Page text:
Bottom Line: After having played the DS and Wii releases of Thor: God of Thunder, I wanted the PS3/Xbox release to bring my journey through the Thor games to an awesome conclusion. Unfortunately, the game falls well short of it’s potential. Camera tracking issues and unresponsive controls make this game a “Collectors Only” purchase.
The plot of Thor: God of Thunder follows the same basic story as the other two games. The Jotuns sneak into Asgard and attack the city. During the battle, Lady Sif is injured and so far as Thor knows, dead. Odin forbids his son from taking his anger out on Niflheim. Heimdall turns a blind eye to Thor’s trip to the land of the Jotuns. Thor’s rage blinds him to the mistake he is about to make, releasing Mangog. Phil Campbell (Dialogue and Cinematics Co-Writer) and Matt Fraction (Story, Dialogue, Cinematics Editor) return again for the PS3 version. As such, the dialogue rings true to the characters.
I do hope that next time Thor game is created, they don’t “kill” off the one female in every single release. I’m not really all that much of a feminist, but three times was enough to make me glare at the television. There has to be something else that could upset Thor so much that he’ll single-handedly attack another world and to be honest, he doesn’t seem all that difficult to pull one over on.
Most, if not all of the voice cast from the Wii game appear in the PlayStation 3 release. They did a stellar job. The only thing I thought odd was their choice of direction for Mangog’s voice. That’s a problem, because he’s the biggest big bad guy of the game. In both the Wii and PS3 version they combined five voices to achieve his sound. In the Wii release, they gave him a very deep voice which sounds appropriate to a creature that’s capable of destroying Asgard. In the PS3 game, they went with a higher, nasally sound and I had trouble taking the character seriously.
The animation of the individual characters and creatures is good. They move smoothly and gravity affects them as it should. The character designs are pretty cool. Especially once you get past the main characters, who resemble their counterparts from the film. They did a good job with doing their versions of all of the minor and major enemies.
The main character models looked a little rough around the edges in close up. It’s been awhile since I last saw the demo for Captain America on the PS3, but I could swear that the models looked smoother and more fully rendered there. Because the developers chose to go in a more realistic direction, the main character models also fell into uncanny valley territory. I saw Thor’s armor poking through part of his cape once when the camera went to a 3/4 top, back view.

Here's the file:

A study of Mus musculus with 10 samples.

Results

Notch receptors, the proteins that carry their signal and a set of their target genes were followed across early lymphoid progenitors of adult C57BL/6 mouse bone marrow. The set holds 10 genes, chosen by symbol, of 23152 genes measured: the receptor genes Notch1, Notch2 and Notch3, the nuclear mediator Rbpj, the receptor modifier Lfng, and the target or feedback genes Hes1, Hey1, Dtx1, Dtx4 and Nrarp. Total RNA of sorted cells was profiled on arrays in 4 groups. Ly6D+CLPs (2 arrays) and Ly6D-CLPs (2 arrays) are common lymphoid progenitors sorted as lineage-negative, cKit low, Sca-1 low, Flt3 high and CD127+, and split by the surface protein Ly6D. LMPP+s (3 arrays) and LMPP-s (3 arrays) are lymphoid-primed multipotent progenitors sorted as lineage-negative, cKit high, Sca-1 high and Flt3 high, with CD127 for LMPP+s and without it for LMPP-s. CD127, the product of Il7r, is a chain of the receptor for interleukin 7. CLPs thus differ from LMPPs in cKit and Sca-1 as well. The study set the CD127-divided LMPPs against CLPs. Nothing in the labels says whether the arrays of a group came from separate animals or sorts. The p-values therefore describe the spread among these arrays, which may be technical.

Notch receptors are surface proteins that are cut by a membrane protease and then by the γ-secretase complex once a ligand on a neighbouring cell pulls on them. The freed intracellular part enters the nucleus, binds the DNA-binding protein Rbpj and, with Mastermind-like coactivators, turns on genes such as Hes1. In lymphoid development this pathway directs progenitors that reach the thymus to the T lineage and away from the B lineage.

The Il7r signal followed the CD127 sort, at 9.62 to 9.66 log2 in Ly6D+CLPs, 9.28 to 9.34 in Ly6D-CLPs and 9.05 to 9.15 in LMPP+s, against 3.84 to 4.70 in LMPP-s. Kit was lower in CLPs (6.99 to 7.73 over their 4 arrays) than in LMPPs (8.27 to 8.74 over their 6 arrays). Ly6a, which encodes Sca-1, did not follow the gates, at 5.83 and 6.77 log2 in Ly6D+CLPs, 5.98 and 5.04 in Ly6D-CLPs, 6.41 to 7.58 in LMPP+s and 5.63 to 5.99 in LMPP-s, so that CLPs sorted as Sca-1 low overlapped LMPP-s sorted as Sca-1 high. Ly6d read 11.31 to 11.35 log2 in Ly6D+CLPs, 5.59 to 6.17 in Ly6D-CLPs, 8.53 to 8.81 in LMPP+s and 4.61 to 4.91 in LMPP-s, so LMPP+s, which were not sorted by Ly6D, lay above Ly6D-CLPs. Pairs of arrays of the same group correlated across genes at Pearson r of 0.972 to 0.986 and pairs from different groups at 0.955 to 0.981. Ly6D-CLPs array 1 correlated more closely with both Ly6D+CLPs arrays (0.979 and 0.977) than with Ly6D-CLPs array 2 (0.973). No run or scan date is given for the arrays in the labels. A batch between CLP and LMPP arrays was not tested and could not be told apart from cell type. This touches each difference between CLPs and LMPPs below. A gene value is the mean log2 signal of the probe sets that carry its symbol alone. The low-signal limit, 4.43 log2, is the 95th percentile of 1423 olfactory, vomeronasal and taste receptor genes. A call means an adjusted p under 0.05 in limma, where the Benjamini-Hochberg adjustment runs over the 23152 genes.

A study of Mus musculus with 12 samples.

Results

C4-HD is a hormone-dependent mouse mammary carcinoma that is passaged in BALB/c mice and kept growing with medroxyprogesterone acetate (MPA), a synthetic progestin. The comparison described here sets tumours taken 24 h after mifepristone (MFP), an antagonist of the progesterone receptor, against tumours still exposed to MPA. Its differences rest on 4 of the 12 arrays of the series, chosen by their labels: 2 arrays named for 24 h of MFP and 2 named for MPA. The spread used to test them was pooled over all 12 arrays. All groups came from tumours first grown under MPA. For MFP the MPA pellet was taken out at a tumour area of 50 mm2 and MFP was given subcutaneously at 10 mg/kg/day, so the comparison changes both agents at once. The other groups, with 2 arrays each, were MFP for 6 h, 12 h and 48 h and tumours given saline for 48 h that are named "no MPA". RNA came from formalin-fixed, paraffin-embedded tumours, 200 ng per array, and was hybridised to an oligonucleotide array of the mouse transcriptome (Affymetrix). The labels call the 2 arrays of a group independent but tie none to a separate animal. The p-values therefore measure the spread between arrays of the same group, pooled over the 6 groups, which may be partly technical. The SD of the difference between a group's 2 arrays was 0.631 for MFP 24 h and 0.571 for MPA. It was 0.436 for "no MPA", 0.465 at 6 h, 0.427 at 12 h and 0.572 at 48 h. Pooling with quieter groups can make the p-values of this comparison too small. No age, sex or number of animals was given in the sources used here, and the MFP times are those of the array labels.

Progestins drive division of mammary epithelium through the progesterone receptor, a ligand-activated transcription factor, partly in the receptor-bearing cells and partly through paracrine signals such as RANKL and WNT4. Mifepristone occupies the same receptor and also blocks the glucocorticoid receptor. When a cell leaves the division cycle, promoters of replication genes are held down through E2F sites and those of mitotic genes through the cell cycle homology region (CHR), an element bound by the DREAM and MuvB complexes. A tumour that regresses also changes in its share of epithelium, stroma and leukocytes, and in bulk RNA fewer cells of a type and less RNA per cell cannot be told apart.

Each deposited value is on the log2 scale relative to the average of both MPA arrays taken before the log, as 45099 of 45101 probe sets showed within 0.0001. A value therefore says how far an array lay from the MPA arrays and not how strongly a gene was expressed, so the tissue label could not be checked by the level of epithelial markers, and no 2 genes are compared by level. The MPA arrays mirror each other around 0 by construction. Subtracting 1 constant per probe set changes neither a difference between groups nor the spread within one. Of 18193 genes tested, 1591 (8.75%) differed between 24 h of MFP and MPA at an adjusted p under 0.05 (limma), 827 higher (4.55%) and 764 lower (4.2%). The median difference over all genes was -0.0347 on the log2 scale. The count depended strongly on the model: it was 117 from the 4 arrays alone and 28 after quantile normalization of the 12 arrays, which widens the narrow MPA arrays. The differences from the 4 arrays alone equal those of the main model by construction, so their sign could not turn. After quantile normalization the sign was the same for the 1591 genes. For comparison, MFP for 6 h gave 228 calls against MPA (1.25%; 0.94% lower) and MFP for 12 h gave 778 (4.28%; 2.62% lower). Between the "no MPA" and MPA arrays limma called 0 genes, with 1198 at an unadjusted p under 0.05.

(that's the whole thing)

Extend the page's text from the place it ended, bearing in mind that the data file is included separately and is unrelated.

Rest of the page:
The camera in the game is terrible. It’s constantly moving somewhere that’s behind something that blocks your view of Thor. It happens often and even more frequently in boss battles. That’s unfortunate, because the bosses hit harder and take more life when they pound your head in. I constantly had to manually move the camera out of the way, while trying to dash out of harms way until I could reorient myself. I also saw the camera glitch briefly at least once, causing the camera’s view of Thor to jump in across the screen in a weird way.
The world designs, while a little rough, looked neat. The cold levels look cold and the levels that should look organic do. It was a treat to see how they envisioned Asgard and Vanaheim. I did run into an issue where I couldn’t play some of the intentionally poorly lit areas of the game during the day. There’s a Gamma setting in the menu. Once I set it to the max it allowed me to see just enough to know that I probably wasn’t going to fall off a cliff. Probably.
The idea behind the controls of the game is the solid beat-em-up formula. Quick Attack, Combos, Special Moves. The execution is terrible. Buttons were often unresponsive, particularly when I needed to block. I died about 20 times fighting the Mire Giant, because once I finally kind of found the timing for the uppercut I still couldn’t get Thor to consistently block the giant’s other attacks. That’s not fun. That’s just frustrating. Also, Thor’s dash is pretty useless. You would think that if you’re going to make bosses move quickly enough to catch up with your hero, you would at least give him that tiny, tiny window to get away unscathed. Nope. Instead, he kept hitting Thor’s leg as I I tried to dash out of harm’s way.
The battles, big and small are fun at first, but a become an exercise in tedium upon extended exposure. It’s a lot of the same two minor enemy models within a level. Once Thor finishes off an enemy, he doesn’t automatically redirect or dash to the next one, he continues to hit in the direction of nothing. It’s very frustrating when you jump and start hitting nothing but air. While you’re waiting for Thor to land back on the ground you can be shot, or an enemy can circle in on you.
I don’t understand how the game decides when you should or should not take a hit. But, I think I can say that if the hit was near you but missed, you should probably not have any health taken from you. There should also be no delayed hit-taking. If it’s been a full second since you’ve been fired or swung at, you would assume that you had been missed and you’d be wrong. Thor will take mystery hits.
I went in really wanting to like this game and came out disappointed because of the numerous glitches that should have been sorted out prior to letting this bad boy out on the streets. Well, two out of three ain’t bad. Thor: God of Thunder for the PS3 and Xbox 360 is out in stores now.